International Space Station (ISS)

The Space Vehicle        . . . . .on Main Street

Part Three

See also:
The Space Vehicle on Main Street -- Part One
The Space Vehicle on Main Street -- Part Two
Federal grants are an overlooked option for bootstrapping startups
          by Robert A. Adelson, Esquire

          Fear -- often unfounded -- of burdensome paperwork, red tape, and labyrinthine specifications and regulations is the principal reason smaller businesses and entrepreneurs are hesitant to pursue contracts with the Federal government. An imaginative initiative to dispel these fears has been launched by the National Aeronautics and Space Administration (NASA) -- the Mentor-Protégé Program. This program is spearheaded by NASA’s Office of Small and Disadvantaged Business Utilization (OSDBU), Ralph C. Thomas III, Associate Administrator.

          The NASA Mentor-Protégé Program has been established to increase the overall participation of high-tech small disadvantaged businesses (SDBs) in NASA contracts and subcontracts. Further, the Program is designed to foster the creation of long-term associations between these smaller businesses and major NASA prime contractors. Prime contractors are being encouraged to help these smaller businesses strengthen their capabilities to perform NASA contracts and subcontracts, specifically in non-traditional industries. The Mentor-Protégé Program was published as a Final Rule in the Federal Register on March 24, 1995. NASA is actively encouraging prime contractors to participate in this Program with small disadvantaged businesses.

          The regulations concerning the Mentor-Protégé Program are codified in the Code of Federal Regulations, 48 CFR, Chapter 18; this is available in its entirety on a subscription basis from the Superintendent of Documents, Government Printing Office, Washington, DC 20402 (GPO Subscription Stock Number 933-003-00000-1). The pertinent regulations are embodied in Part 1819 to which §1819.72 (The NASA Mentor-Protégé Program) has been added, and Part 1852 to which §1852.219-77, §1852.219-78, and §1852.219.79 have been added.

          Of course, these regulations spell out all aspects of this three-year pilot program from Eligibility and Requirements through Selection and Agreements to the unavoidable Reports, Program Review, and Prime Contractor Evaluation. Let’s look at some of the highlights.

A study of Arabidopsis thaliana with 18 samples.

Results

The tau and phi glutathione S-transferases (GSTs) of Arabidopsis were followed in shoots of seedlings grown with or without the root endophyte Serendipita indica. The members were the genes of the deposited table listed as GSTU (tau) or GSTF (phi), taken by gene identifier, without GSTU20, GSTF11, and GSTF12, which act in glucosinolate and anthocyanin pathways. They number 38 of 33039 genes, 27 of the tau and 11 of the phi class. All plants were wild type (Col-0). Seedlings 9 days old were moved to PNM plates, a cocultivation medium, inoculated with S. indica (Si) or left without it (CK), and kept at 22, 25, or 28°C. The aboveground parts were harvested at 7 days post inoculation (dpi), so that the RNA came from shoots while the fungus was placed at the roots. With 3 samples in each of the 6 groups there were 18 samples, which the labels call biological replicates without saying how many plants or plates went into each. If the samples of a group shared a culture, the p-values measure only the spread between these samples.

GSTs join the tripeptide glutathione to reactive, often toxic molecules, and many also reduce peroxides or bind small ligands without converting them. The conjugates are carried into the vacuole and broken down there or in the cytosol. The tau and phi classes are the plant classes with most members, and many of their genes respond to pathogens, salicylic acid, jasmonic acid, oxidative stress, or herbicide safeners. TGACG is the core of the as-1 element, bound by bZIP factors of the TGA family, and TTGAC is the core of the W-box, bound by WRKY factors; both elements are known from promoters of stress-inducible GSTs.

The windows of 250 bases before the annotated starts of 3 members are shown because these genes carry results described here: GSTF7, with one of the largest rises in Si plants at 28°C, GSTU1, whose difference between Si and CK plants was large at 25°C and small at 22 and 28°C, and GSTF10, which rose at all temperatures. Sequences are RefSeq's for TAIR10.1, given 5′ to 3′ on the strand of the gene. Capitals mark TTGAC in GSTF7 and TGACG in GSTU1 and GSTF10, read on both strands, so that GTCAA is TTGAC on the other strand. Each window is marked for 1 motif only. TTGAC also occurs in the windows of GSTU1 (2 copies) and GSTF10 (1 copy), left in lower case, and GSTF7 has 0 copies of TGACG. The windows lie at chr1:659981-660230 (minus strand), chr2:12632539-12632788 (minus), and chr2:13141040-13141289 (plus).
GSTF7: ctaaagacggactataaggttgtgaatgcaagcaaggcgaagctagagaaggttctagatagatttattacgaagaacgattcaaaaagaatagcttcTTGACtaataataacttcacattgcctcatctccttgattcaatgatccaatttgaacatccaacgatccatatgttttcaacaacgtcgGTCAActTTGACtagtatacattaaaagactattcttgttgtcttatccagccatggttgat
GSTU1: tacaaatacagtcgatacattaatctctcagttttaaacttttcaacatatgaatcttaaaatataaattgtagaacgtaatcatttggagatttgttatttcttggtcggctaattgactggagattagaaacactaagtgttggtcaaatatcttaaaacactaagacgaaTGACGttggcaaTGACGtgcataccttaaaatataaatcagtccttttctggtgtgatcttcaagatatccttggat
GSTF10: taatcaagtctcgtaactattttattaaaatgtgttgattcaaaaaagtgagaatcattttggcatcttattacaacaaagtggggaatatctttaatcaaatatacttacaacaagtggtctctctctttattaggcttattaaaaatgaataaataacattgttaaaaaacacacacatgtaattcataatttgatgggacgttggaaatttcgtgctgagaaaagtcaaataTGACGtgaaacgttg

A contemplated affiliation can be initiated by either the prospective mentor or the prospective protégé; partners are never forced upon each other. However, the final application must be submitted by the prospective Mentor to NASA. The agreements between the parties are worked out by themselves (in conformance with 48 CFR 1819.7213), obviously subject to acceptance by NASA. A prime contractor may serve as mentor to more than one protégé subcontractor working under separate subcontracts at the same time. Similarly, a protégé subcontractor working under separate subcontracts can have more than one mentor at the same time.

          The attractions of this pilot program to prime contractors is (a) it can enhance their eligibility doing major source selections, and (b) a separate 5 percent of the 15 percent award fee under cost-plus-award fee contracts is allocated to an approved mentor for SDB Utilization.

          Most attractively, the forms of developmental assistance a Mentor can provide to a Protégé include:

  1. Management guidance relating to --
    • Financial management
    • Organizational management
    • Overall business management/planning, and
    • Business development;
  2. Engineering and other technical assistance;
  3. Noncompetitive award of subcontracts under NASA contracts;
  4. Progress payments based on costs. The customary progress payment rate for all NASA contracts with small disadvantaged businesses is 95 percent. This customary progress payment rate for small disadvantaged businesses may be used by prime contractors;
  5. Advance payments. While a mentor can make advance payments to its protégés who are performing as subcontractors, the mentor will only be reimbursed by NASA for these costs if advance payments have been authorized in accordance with statute and regulation;
  6. Loans;
  7. Rent-free use of facilities and/or equipment;
  8. Property; and
  9. Temporary assignment of personnel to protégé for purpose of training.

          The owner/manager of the smaller business and the entrepreneur may find the NASA Mentor-Protégé Program is an excellent way to become a knowledgeable subcontractor with the Federal government. For more information about this program, one should contact OSDBU via email (for an immediate response):


If preferred, write to (allow 2 weeks for reply):

NASA Office of Small and Disadvantaged Business Utilization
NASA Headquarters, (Code K)
300 E Street, SW
Washington, DC 20546

Attn: Rae C. Martel / Mentor-Protégé Program Manager

Your comments and suggestions for these pages are most welcomed!